What's Actually In Store-Bought Egg White Cartons

If you were to compare fresh egg whites to the ready-to-pour liquid kind sold in cartons, you would notice a big visual differences. The whites from a freshly-cracked egg are more thick and viscous, but the store-bought kind is a lot thinner, almost watery. You may be wondering if these liquid egg whites contain some sneaky extra ingredients that affect the way they look and behave. 

In reality, most brands of pre-cracked egg whites sold in a carton or bottle include egg whites and nothing else. You can check the ingredients list or look for products labeled as "100% egg whites" just to be sure, but the thin texture — while odd to those who aren't used to it — doesn't denote any artificial ingredients, or even excessive processing. The whites from a carton just look different because they have to be pasteurized. 

This heat-treatment process, which is also sometimes used for whole eggs, decreases the likelihood of harmful bacteria growing in a product that's usually quite susceptible to spoilage. Pasteurization also happens to make the whites thinner in consistency, but doesn't change their flavor or nutritional density. However, while pre-cracked egg whites are great for omelets, high-protein scrambles, and even stir-fries, you can't use them in every recipe that calls for freshly-cracked eggs.

Can you use packaged and fresh egg whites interchangeably?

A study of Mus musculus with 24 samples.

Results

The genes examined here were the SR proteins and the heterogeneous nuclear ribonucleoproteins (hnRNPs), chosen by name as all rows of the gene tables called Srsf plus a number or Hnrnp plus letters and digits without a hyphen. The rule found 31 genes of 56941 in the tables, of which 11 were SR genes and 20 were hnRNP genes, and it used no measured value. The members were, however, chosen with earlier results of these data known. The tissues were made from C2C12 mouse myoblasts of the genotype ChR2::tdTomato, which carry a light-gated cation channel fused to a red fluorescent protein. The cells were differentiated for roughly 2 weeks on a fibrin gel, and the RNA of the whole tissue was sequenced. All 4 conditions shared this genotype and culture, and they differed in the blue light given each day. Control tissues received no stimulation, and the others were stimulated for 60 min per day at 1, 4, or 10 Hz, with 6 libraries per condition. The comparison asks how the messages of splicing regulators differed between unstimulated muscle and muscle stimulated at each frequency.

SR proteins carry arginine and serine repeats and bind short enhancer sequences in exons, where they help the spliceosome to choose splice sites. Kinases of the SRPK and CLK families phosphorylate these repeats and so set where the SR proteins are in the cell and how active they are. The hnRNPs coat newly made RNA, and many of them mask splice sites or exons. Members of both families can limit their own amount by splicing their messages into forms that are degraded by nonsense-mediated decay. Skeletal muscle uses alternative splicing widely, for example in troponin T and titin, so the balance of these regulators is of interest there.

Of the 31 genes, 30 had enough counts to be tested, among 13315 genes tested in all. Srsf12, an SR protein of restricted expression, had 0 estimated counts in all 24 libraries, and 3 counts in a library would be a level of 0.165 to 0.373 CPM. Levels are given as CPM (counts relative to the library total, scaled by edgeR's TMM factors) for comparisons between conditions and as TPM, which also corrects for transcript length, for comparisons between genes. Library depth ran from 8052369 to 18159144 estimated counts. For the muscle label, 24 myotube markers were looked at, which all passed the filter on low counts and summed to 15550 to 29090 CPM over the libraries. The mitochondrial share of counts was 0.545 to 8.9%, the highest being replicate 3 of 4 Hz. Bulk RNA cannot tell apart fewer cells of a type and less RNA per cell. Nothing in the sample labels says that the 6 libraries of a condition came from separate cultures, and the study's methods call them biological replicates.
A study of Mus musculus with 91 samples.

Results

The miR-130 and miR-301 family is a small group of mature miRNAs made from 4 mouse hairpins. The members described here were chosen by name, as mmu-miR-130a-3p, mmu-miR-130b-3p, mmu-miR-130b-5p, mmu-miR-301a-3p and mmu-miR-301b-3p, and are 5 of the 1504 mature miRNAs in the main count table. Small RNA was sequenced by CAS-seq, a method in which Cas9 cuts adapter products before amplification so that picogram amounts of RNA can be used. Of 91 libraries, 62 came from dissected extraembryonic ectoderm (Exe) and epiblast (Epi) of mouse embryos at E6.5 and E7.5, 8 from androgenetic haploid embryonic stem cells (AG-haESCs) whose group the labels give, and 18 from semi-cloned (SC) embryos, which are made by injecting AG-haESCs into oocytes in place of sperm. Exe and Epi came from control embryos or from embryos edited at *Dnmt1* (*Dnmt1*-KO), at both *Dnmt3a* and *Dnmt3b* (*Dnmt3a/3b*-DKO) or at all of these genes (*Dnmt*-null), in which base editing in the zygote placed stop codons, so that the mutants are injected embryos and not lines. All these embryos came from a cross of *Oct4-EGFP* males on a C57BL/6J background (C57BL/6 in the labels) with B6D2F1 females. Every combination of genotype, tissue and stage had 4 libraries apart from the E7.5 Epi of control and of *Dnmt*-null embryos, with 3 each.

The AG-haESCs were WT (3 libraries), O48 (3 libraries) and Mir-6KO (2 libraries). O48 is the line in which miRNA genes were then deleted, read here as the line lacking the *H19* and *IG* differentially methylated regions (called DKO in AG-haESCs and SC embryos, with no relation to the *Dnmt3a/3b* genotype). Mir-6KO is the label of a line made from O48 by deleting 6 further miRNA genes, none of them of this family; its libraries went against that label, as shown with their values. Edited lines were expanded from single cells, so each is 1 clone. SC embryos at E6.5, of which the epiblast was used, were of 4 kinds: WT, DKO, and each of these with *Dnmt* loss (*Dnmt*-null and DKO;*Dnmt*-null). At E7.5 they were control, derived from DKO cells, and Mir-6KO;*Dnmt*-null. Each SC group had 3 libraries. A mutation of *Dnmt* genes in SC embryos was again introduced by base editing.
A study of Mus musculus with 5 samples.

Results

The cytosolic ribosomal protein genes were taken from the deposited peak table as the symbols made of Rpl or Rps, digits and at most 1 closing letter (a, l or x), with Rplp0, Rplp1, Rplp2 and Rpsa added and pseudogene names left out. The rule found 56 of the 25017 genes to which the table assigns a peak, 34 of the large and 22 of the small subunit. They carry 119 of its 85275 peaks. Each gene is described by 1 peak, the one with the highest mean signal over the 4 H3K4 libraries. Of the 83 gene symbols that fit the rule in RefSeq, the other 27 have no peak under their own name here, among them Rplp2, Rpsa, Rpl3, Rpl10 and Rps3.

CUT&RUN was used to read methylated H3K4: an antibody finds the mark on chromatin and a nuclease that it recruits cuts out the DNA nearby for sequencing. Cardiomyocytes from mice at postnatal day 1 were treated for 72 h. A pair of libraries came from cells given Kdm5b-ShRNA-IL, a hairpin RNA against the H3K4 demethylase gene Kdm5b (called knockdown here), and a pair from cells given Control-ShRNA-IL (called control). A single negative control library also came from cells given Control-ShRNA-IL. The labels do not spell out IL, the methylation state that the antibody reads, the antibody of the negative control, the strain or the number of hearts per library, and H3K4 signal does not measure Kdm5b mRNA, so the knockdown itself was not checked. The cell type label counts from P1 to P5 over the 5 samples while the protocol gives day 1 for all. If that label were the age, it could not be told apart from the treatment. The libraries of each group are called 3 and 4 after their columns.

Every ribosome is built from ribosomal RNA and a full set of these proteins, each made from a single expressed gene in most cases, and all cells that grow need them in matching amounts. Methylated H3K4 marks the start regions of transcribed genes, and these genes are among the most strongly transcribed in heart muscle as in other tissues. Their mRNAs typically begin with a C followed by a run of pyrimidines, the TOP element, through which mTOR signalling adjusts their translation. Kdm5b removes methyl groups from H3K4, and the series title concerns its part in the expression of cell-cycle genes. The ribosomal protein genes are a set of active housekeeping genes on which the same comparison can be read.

Separating egg yolks and whites isn't that difficult, if you use some finesse or a handy kitchen tool that easily separates eggs, but nothing beats the convenience of pouring egg whites out of a carton that is ready-to-go in your fridge. However, the pasteurization process causes these products to cook up a bit differently than the fresh stuff. Pourable egg whites cook up less firm and more soft. They might not have the "bite" you expect from a forkful of scrambled eggs or an omelet. They also don't have the same aerating qualities as fresh egg whites.

Packaged egg whites should be avoided in situations where you whip air into them. They won't aerate, expand, and make a stiff foam for classic, frothy egg white cocktails or fanciful cloud eggs. Meringue cookies, homemade Japanese-style pancakes, and angel food cakes are off the table, too. Packaged egg whites can sometimes work when mixed into a batter or dough, but for particularly finicky baking recipes (and most baked goods are finicky), it may be best to skip the carton. You don't want to negatively affect the final product just because you don't feel like cracking eggs.

The best ways to use store-bought egg whites

As long as you don't need to whip them, packaged egg whites are definitely a time-saver for a ton of different dishes. A recipe for something like seasoned, roasted nuts, which only require the egg whites to be whipped until foamy, can definitely work with a carton. Rather than whites beaten into stiff peaks, the glaze on top of candied nuts only needs them to be slightly aerated.

Liquid egg whites are most popularly used to make quick egg scrambles, omelets, and frittatas. To disguise the slightly different texture of pre-cracked eggs, incorporate a combination of vegetables, cheeses, and meats into your dish. You can also serve the cooked egg whites in a sandwich, or pile these easy roasted potatoes with garlic on top of a simple egg white omelet. 

These convenient products can even be used as a binder in meatballs, fritters, and veggie burgers. Briefly cook the whites and slice them up, and they can add some bulk to fried rice or stir-fried noodles. You can also cut fresh, whole eggs with egg whites for a fat-free protein boost. Additionally, if you're wary of recipes that use raw eggs, pre-cracked whole eggs are a safer option for recipes like Caesar dressing, tiramisu, and eggnog. The pasteurization process makes it less likely that eggs from a carton will make you sick.